Could Newspapers Go Web-Only?

My dad was for many years a highly-respected law professor at Washington University in St. Louis. He also had a thriving side business as an arbitrator. At one point in his career, he took a leave of absence from the university to see if he could arbitrate full-time.

A year or so later, he went back to teaching. He later told me that arbitration jobs became much harder to get when he was no longer a university professor. Once he was back on campus, the demand for his arbitration services went right back up.

It turned out that in the arbitration community, “Professor Bernstein of Washington University” was a powerful brand. It gave him a significant competitive advantage in the marketplace.

I thought of that story today when I read Jeff Jarvis’ suggestion on Huffington Post that it may be time for the Los Angeles Times to turn off its printing presses and go online-only.

His reasoning is that the Times’ web revenue is apparently now greater than its newsroom payroll costs. Eliminate all the costs of printing and distributing a physical product, outsource the national and international reporting to the big national papers, (Wall Street Journal, New York Times, etc), focus all of your efforts and resources on local news, and you’ve got a profitable digital news operation.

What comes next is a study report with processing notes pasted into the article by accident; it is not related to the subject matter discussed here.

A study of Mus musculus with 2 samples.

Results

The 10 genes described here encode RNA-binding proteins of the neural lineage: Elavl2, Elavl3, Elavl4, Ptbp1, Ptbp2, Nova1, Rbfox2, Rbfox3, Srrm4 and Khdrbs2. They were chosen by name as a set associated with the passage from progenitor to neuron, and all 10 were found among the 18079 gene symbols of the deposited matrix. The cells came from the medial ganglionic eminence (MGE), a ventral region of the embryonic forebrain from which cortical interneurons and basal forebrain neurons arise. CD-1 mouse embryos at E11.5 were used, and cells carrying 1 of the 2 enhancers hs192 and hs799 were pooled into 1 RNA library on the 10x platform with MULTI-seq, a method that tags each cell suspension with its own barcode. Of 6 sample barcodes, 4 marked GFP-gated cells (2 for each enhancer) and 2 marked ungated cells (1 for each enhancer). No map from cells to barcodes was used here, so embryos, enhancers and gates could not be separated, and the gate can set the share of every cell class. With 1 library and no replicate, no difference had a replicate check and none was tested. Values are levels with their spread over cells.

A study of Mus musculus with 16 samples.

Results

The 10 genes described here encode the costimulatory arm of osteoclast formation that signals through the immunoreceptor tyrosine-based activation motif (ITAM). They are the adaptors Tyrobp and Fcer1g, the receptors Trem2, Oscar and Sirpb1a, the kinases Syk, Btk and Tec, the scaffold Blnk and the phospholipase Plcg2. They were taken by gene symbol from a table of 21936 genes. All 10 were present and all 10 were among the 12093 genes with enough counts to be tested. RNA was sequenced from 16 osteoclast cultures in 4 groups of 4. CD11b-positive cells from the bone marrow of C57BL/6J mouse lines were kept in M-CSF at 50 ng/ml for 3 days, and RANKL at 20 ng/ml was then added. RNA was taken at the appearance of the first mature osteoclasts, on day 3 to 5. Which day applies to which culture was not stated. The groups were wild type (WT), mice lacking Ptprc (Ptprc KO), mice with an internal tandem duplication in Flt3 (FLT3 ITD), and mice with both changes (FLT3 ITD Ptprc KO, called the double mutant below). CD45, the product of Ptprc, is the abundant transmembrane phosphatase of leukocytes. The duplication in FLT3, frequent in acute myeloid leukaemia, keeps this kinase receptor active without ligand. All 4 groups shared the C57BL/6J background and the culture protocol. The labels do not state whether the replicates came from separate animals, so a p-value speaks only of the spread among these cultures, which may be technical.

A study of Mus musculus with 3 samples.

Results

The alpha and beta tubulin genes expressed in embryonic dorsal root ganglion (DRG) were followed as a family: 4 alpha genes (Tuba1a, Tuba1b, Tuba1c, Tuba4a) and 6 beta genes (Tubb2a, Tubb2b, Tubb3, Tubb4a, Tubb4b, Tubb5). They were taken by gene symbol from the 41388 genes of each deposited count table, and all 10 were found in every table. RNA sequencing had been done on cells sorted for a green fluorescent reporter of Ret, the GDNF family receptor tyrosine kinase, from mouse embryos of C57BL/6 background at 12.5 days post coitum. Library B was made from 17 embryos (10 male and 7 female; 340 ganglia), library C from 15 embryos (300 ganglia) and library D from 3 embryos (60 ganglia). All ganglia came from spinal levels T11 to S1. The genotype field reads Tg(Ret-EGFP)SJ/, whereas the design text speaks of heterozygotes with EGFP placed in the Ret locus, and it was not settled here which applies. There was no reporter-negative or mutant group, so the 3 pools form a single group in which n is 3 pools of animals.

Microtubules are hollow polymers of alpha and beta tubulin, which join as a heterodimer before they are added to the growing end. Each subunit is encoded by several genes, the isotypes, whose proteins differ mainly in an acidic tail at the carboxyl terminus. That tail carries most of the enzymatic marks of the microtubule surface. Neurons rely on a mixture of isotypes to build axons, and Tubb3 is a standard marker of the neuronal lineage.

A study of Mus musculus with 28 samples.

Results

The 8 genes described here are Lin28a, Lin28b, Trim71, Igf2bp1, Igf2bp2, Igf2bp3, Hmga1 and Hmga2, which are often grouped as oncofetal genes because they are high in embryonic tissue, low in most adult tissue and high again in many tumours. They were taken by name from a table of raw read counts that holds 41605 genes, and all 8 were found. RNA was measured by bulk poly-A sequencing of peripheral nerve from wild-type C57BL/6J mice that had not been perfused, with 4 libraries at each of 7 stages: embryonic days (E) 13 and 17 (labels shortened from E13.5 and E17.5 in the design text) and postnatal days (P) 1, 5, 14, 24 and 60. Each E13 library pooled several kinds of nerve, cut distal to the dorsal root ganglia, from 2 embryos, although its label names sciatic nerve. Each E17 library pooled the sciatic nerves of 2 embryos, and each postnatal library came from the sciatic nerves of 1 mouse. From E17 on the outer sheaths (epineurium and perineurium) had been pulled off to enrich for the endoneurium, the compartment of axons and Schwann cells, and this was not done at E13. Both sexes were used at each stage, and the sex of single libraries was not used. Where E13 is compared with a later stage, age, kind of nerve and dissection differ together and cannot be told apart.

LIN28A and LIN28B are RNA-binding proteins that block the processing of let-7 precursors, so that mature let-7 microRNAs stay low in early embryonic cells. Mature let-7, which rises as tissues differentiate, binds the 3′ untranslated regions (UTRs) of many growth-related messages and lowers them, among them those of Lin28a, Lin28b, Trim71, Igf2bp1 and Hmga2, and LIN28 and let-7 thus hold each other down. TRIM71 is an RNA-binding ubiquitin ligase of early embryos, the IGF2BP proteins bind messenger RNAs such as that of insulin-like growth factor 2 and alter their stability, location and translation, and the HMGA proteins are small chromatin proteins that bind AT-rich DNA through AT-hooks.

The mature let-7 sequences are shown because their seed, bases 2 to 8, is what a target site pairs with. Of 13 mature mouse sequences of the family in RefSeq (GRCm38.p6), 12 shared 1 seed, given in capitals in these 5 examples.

As an advertising guy, I see some big questions:

1. How much of that online revenue will disappear when it’s not part of a print advertising package?

2. How important would the LA Times website be, as an advertising vehicle, if it’s not tied to LA Times, the paper? Will readers still go to that website if there’s no physical product to remind them? Will merchants still pay to advertise there if they’re not in the paper, too?

In my radio-and-online world, our websites are becoming increasingly important, to listeners and advertisers. But at least right now, it’s the “on-air” that drives traffic to our sites online. Much of the value advertisers see in being on is tied to the reputation and reach of KEX Radio, 1190 on the AM dial; and most of our online advertising is purchased in conjunction with an on-air radio campaign.

If you take away the physical paper, does “LA Times Dot Com” become a thriving online source of local news? Or is it just another web site?